Is “carbon-neutral” anything more than a buzzword?

While it is easy to understand the general idea behind labeling a city, product, or process “carbon-neutral,” it is not clear what the precise definition is and how big the system is that is being referred to. While there may be an equal amount of carbon inputs and outputs, or none at all, in most cases, other parts of the system, such as distribution, actually produce quite a bit of carbon, but are not considered. A recent claim by Dell has stretched the definition of being carbon-neutral even further. The fact is that Dell buys renewable energy directly from utilities to satisfy one-fifth of its energy needs, along with enough renewable energy credits to offset the other 80%. With this in mind, there are a few problems with claiming that all Dell facilities are carbon-neutral.


First and foremost, since carbon is still emitted into the atmosphere, buying renewable energy credits does not grant carbon-neutral status, even ignoring the fact that the manufacturing of all renewable energies still require fossil-fuel inputs. IFf every company were to operate in this fashion, buying energy credits to make up for emissions, there would always be carbon emissions until 100% of energy came from already established renewable systems that are maintained by carbon-neutral means. While Dell should be commended for taking a lead in its sector on this issue, using this label is incredibly misleading and assumes that the job is done. The ultimate goal should be one large system that requires no fossil fuel inputs.

In addition, Dell is focusing on energy supplied to its facilities, and ignoring several other factors that assuredly produce carbon. The procurement process of raw materials and parts to produce computers surely consumes fossil fuels, as does the transportation of the finished product to the customer. Let us not also forget the employees, who must commute everyday. These are areas that Dell should look to address in attempts to become less of a carbon producer.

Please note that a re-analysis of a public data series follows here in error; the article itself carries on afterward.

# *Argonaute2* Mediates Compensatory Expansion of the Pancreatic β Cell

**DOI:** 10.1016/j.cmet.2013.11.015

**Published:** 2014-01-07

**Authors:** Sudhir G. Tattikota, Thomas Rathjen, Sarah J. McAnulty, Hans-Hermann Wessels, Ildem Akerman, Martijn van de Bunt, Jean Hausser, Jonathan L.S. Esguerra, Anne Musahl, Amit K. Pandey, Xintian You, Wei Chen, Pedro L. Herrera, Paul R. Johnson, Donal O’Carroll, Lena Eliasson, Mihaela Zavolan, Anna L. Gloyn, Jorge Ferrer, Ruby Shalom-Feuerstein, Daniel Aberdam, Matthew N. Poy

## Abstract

To take it a step further, if Dell generates a profit and passes that on to its employees, they are going to consume fossil fuels and products that require fossil fuels, or save their earnings and give their bank the ability to loan ten times that amount for fossil-fuel consuming investments.

What this shows is that the only way for any process to be carbon-neutral, it either has to be part of an entirely closed loop, or the world needs to be carbon-neutral for the most part. In the meantime, Dell’s investments are helping us get to that point, but we shouldn’t be too quick to claim carbon-neutrality when there is clearly much work to be done.


One Response

  1. I’d even add that Dell is partially culpable for the woefully inadequate electronics recycling that’s happening. Frequently, unwanted electronics turned in for recycling are simply transported overseas where there are fewer laws and then dismantled in the open air. This process leads to both increased carbon emissions and exposing the environment to harmful and toxic materials such as heavy metals.

    Recycling is preferable to dumping toxic substances in landfills, but it must be done properly in order to actually protect the environment.